Posted by Andrew Knight on

Recently, one of the elders of our church passed away from COVID. Soon afterward, the special-needs daughter of one of my close college friends passed away, followed by his dad a few days later. And another one of our friends is currently in the hospital in critical condition with COVID. We all have loved ones or know someone affected by COVID – either emotionally, physically, psychologically, or all of the above. None of us has escaped its impact.

In light of all this, is the idea of worship a relevant topic for right now? Should we be focusing on other more pertinent issues, such as how to handle suffering, how to comfort others, or (even more practically) how to live a healthy life?

The concept of worship, believe it or not, addresses all three of these. In Scripture, those who were faithful to God worshipped him, even in the most difficult times. When the king’s edict threatened Daniel’s life, he continued to pray (Daniel 6:10). When Job endured extreme and unjust suffering, he maintained his integrity and refused to curse God (Job 2:9–10). And when Paul and Silas were beaten and bound in a Philippian jail, they sang praises (Acts 16:22–25). Each of these responses honored God for who he is, despite the circumstances. And, as a result, each of these men experienced God’s power in an amazing way.

In worship, we find comfort too. When we connect with God in worship, we connect with the “God of all comfort, who comforts us in all our affliction, so that we may be able to comfort those who are in any affliction, with the comfort with which we ourselves are comforted by God.” (2 Corinthians 1:3–4). If we truly want to comfort others in their suffering, we must first be comforted by the God of comfort — not hiding or denying our pain, but bringing it to him as we connect with him through worship.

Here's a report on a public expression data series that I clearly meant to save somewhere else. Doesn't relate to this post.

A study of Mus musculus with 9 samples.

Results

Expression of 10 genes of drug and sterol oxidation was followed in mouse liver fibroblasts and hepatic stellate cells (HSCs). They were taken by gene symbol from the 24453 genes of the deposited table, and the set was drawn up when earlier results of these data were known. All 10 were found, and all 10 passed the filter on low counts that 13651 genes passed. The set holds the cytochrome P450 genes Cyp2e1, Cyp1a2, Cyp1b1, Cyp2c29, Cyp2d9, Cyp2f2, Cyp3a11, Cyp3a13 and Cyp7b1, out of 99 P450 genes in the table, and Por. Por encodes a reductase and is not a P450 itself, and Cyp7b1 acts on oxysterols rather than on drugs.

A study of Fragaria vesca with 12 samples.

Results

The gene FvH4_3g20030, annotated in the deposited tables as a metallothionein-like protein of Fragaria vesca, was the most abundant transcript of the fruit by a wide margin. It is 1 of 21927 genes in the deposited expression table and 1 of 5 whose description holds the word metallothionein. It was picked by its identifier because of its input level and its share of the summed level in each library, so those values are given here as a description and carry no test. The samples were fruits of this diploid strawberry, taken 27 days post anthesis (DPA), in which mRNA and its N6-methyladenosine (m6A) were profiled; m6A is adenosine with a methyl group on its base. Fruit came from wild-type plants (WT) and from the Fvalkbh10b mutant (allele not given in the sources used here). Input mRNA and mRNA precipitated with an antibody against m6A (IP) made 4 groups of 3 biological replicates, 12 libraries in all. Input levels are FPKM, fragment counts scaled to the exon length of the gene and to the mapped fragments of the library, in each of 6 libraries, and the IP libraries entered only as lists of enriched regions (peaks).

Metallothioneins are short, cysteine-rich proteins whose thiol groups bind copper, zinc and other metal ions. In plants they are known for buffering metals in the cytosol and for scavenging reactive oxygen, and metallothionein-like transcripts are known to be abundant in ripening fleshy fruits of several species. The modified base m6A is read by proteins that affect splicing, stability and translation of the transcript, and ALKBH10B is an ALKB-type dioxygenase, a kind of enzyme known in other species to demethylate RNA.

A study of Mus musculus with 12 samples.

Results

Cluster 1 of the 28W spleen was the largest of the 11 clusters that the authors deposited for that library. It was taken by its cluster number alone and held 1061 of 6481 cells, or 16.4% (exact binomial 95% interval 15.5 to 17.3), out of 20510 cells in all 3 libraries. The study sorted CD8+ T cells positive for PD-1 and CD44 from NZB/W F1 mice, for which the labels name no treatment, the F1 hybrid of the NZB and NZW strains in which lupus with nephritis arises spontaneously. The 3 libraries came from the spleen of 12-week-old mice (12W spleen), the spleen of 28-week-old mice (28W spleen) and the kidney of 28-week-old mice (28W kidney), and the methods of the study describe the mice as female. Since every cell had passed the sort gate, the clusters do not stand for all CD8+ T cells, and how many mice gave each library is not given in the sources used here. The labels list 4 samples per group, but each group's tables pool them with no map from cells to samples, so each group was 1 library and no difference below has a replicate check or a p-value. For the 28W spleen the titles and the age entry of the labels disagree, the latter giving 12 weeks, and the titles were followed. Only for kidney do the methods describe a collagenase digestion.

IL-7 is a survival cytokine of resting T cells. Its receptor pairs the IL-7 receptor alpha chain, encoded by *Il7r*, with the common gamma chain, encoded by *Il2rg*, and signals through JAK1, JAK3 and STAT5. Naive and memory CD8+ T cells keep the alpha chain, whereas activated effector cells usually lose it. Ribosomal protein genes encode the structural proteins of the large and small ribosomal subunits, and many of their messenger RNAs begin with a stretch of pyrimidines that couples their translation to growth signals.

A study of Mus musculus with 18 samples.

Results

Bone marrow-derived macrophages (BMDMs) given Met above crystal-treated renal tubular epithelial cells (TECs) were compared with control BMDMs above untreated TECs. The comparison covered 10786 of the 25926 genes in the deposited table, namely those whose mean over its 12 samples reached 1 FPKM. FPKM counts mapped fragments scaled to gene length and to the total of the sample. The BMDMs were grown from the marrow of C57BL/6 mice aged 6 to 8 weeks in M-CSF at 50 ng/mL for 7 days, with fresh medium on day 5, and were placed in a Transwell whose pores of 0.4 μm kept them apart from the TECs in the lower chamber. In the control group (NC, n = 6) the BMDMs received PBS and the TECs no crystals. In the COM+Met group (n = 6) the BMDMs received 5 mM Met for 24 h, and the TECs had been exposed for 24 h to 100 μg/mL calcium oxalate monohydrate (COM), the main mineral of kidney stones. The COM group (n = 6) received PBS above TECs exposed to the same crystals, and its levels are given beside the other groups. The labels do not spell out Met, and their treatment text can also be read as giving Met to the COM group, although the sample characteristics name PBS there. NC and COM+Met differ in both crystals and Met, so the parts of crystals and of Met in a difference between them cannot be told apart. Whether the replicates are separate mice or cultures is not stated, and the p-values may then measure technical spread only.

And how does worship help us live a healthy life? Increasingly, many of the ailments we experience in this day and age are rooted in anxiety. The antidote for this is not a prescription but a practice:

Rejoice in the Lord always; again I will say, rejoice. Let your reasonableness be known to everyone. The Lord is at hand; do not be anxious about anything, but in everything by prayer and supplication with thanksgiving let your requests be made known to God. And the peace of God, which surpasses all understanding, will guard your hearts and your minds in Christ Jesus.
— Philippians 4:4–7

Rejoicing is the voluntary declaration of the joy we have in God, a joy that is not swayed by circumstances. When our thoughts, emotions, and actions are driven by circumstances, we have little control over our experience of them. But when our lives are centered on worship, on understanding who God is and believing that he is always good, always loving, and always Father, no matter the situation, we can experience his peace.

Worship may not take away the pain of life’s storms, but it directs our attention to “the anchor of the soul” (Hebrews 6:19), aka the hope we have in him, which keeps our ship from being broken apart on the rocks of life’s heartaches. It has been said that each of us is either experiencing a crisis right now, just coming out of one, or about to head into one. Regardless of where you are on your journey, worship is the right response. You were not meant to face your storms alone. You were not even meant to face them with the support of others. You were made to find strength, comfort, and joy in the faith-filled expression and exercise of worship. For, in the end, worship is far more than song and ritual. It is focusing on and celebrating the ever-present reality beyond our circumstances. It is the intimate experience of a Father’s love who wants to comfort and support you amid your trials. In the difficult days we are currently passing through in our nation and our world, nothing could be more relevant.